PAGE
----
November 1, 2010

Am I worth more than you thought?

Every time I open my e-mail I always notice an ad in the corner of people who have bought a new iPad for $16.32 or some strange amount similar to that. It takes me back to a phrase I heard in my high school economics class, “caveat emptor” which means “let the buyer beware.”

      During the current economic recession the amount of money lost to fraud has increased. When people are down a little, they may be tempted to try to nab a tremendous deal. However, as we have often heard, if it sounds too good to be true, it probably is. It is important to consider opportunities available and research them to see if they are legit or not.

      Investing in opportunities that turn out to be scams can seriously hurt your financial situation. It amazes me how much money con artists can steal from smart, honest people who want to make or save a buck. The advertisement for the $16.32 iPad I referenced earlier is for an online penny auction — websites where you can make bids, one penny at a time, to score an unbelievable deal. Sometimes they are legitimate, but there are many sites claiming to be penny auctions that are frauds.

      The Better Business Bureau warns us about penny auctions. Recently the BBB issued this statement:  “Online ads, often designed to look like news reports, are cropping up on popular websites claiming that you can get great deals on iPads and other electronics with online penny auctions.

      “BBB has received hundreds of complaints from consumers about penny auctions so far this year and we’re encouraging online bargain hunters to do their research,” said Alison Southwick, BBB spokesperson. “Unlike typical auctions, unsuccessfully bidding on an item through a penny auction will still cost you and BBB has heard from people who lost thousands of dollars bidding on items and have nothing to show for it.”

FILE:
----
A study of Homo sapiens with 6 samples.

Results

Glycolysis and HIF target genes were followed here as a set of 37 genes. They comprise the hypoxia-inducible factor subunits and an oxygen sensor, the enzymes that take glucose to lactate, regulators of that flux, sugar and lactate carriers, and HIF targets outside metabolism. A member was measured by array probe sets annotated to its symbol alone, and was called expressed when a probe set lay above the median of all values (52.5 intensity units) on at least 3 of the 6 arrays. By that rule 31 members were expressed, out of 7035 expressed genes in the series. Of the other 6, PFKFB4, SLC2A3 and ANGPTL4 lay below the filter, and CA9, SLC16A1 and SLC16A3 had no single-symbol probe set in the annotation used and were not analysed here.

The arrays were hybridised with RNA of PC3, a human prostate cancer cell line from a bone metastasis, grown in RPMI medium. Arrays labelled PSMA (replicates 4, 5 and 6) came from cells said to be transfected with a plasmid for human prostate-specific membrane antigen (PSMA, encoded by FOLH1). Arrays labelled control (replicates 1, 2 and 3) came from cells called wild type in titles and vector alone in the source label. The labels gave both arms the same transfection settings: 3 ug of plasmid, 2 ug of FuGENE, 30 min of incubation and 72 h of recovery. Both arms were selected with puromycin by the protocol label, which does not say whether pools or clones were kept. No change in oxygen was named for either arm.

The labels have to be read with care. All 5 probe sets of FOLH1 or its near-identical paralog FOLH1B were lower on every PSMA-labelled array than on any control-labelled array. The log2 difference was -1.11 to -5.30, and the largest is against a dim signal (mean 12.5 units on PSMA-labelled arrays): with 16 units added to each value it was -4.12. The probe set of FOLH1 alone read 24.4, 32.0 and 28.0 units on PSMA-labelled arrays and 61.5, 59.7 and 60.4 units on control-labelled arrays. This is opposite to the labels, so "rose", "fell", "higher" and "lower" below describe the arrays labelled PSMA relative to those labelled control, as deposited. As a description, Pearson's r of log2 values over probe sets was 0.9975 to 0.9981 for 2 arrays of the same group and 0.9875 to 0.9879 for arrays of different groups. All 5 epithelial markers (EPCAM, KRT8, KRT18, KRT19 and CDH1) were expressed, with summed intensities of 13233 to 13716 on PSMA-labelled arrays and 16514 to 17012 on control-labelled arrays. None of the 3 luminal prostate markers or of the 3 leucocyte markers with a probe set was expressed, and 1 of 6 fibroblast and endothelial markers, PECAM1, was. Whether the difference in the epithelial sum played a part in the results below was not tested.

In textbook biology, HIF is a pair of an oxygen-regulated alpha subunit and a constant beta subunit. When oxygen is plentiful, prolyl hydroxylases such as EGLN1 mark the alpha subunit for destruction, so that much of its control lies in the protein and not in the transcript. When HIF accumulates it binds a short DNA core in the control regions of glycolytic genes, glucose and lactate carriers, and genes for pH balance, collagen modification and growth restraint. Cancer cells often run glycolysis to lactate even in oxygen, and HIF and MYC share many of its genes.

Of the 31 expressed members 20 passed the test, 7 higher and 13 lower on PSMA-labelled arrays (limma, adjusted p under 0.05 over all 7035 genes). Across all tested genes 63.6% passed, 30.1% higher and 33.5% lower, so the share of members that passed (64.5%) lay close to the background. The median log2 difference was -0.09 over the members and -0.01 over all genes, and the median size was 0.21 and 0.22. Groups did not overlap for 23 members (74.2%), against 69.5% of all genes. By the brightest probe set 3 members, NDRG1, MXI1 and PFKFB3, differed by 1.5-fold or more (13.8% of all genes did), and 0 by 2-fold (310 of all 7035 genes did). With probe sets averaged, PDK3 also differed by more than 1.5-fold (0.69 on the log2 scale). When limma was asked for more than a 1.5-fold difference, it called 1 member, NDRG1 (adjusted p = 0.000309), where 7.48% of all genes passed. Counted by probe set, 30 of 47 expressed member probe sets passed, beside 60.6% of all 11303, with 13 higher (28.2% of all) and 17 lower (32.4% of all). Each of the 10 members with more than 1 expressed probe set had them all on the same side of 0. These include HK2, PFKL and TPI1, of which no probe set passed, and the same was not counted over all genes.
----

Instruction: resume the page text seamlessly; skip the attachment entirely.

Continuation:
“The BBB is advising users to research with the BBB first, read the fine print, know what you’re buying, watch your credit card statement and mentions the unexpected $150 charge that many, many consumers are getting from a few particular sites. They also tell consumers to file a report with the BBB, they may be able to assist in obtaining refunds.

      “Many people have complained to BBB about being automatically charged $150 just for signing up for what was supposed to be a free trial. Others complainants have voiced their concerns that some sites use phony bidders and “bots” to drive up the prices on items. Customer support is also a major concern as many complainants explain they had a very difficult time receiving refunds or resolving other issues with the company.” 

      Thanks to technology, it is easy for people to set up a site looking like a penny auction, fraud money from people and then shut the site down and move on. It is enticing, and if an individual wins a legitimate penny auction, it can be very addictive. It is important to remember that for every bid an individual makes, that money is spent, win or lose. So even though your top bid may be around $10, you may have made a total of 15 bids, which can add up.

            There are a lot of fraudulent companies out there who want you to hand over your money without question. Be sure to listen to your gut. If something does not feel right, it probably is not. Also, do your research. If in doubt, contact the Better Business Bureau.